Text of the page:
Session 2002-03 11 April 2003
- The Future of UK Pensions -
The Work and Pensions Select Committee today publishes its Report into the Future of UK Pensions.
Our Report concludes that UK pension provision is at a turning point and that there are some key choices to be made to achieve a system in which individuals are enabled to make private pension choices in the knowledge that they have an adequate state pension as a sustainable foundation.
The Report identifies a number of strengths and weaknesses with the system of pension provision in the UK. The Report calls upon the Government to announce as soon as is practicable how it proposes to improve security of private pension schemes, including those provided by employers without imposing further burdens on pension providers.
The Report does not accept the current case for compulsory savings, but calls upon the Government to look closely at other ways of increasing savings, such as requiring individuals to opt out of prescribed savings (instead of opting in), and to consider allowing employers to make membership of their occupational pension schemes a condition of employment.
The Report recommends that the Government helps individuals to understand the appropriate level of savings required to achieve their desired level of pension at a particular date. It also recommends that the responsibility for marketing and education of pensions be transferred from the Financial Services Authority to the proposed new pensions regulator.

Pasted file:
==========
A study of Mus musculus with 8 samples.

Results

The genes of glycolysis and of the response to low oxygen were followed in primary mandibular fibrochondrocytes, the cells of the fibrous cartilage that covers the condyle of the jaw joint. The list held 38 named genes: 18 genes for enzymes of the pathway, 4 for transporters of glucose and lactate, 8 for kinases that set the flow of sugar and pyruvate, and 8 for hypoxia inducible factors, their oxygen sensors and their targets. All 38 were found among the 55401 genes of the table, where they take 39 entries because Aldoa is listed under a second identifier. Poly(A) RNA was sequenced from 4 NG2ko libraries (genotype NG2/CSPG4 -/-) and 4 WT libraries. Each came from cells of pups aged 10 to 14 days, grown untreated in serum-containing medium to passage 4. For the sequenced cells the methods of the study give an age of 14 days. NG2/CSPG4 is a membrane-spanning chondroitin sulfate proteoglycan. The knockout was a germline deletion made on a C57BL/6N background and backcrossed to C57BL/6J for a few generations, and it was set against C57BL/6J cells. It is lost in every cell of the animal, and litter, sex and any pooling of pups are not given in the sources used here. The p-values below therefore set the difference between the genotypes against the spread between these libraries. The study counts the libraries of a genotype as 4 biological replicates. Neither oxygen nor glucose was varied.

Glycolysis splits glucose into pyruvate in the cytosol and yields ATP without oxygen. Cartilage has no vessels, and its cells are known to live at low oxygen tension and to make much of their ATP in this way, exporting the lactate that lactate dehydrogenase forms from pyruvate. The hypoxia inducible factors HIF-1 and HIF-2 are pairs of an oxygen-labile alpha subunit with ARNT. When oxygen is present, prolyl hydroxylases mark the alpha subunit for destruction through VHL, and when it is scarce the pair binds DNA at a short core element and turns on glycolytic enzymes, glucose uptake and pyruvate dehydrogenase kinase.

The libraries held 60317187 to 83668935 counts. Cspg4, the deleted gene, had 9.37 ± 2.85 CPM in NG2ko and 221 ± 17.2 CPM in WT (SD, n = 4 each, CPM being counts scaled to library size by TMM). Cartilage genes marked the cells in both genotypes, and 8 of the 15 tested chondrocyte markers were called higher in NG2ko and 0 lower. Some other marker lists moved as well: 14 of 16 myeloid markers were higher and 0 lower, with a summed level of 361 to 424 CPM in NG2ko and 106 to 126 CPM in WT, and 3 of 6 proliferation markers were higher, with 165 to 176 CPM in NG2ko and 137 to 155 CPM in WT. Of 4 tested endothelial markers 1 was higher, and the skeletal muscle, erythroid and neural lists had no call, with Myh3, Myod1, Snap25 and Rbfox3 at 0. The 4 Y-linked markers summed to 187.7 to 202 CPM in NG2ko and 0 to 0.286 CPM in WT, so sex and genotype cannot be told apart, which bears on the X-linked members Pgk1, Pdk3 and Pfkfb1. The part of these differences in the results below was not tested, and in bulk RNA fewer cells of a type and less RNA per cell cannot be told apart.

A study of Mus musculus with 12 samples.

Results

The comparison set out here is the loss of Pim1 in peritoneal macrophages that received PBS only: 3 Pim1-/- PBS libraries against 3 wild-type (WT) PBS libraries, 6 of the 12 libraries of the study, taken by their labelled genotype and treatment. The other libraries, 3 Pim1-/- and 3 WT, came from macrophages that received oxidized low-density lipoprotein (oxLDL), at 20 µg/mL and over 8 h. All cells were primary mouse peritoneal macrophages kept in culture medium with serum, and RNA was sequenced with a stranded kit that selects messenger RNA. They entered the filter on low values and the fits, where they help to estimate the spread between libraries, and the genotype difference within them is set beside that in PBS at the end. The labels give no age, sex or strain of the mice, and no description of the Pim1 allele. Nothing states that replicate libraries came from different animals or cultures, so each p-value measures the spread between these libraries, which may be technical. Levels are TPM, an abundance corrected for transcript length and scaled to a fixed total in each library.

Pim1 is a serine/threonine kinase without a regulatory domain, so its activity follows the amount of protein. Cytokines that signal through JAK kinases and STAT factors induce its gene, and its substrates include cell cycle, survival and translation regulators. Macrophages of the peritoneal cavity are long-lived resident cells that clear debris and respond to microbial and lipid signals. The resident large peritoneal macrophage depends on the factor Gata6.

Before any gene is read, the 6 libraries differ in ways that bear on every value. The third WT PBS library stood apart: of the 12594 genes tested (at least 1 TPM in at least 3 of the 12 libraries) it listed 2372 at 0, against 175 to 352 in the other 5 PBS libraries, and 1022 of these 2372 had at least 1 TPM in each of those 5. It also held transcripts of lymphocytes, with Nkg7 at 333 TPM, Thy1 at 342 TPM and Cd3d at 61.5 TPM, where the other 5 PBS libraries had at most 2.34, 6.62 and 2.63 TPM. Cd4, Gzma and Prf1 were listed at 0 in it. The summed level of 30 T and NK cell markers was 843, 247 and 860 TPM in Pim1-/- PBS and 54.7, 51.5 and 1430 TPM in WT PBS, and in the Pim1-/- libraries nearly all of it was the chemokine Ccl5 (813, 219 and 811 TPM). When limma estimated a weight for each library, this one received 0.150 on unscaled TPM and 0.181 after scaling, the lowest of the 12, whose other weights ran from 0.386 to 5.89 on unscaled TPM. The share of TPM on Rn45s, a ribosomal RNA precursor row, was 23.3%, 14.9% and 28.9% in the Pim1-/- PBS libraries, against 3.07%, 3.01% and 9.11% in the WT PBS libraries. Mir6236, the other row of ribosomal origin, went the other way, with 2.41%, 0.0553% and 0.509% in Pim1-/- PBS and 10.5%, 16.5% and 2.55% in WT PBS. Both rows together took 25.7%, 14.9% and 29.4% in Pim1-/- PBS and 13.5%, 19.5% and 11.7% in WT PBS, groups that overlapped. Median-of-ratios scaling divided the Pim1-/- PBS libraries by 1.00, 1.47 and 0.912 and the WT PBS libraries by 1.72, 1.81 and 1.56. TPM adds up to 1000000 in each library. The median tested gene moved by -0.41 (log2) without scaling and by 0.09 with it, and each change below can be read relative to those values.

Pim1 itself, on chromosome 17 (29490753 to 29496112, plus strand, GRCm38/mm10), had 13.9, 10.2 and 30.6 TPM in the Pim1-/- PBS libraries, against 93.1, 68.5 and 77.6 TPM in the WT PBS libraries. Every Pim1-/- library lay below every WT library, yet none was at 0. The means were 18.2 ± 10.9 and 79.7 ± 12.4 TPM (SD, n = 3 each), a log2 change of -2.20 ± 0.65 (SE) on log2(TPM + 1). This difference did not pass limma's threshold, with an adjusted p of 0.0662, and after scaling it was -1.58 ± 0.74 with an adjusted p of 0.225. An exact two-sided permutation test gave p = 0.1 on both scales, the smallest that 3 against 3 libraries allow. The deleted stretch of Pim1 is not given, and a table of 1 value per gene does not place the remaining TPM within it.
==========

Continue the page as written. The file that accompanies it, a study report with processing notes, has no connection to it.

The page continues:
On state pensions, the Report considers the case for and against continuing with the current system and an alternative option which involves raising the level of state pensions. A range of possible financing options is also considered, including raising the state pension age. The Committee does not accept the case for increasing the state pension age above 65 now, but calls upon the pensions commission, which is chaired by Adair Turner, to investigate the long-term stability of the current pension policy and alternative options.
The Chairman of the Committee, Sir Archy Kirkwood MP, said “We hope that this Report and its two volumes of supporting evidence will help the search for a lasting consensus on pension provision. We wish to see a future in which individuals are encouraged to plan sensibly and confidently for their pensions in the knowledge that they have an adequate state pension as a sustainable foundation.”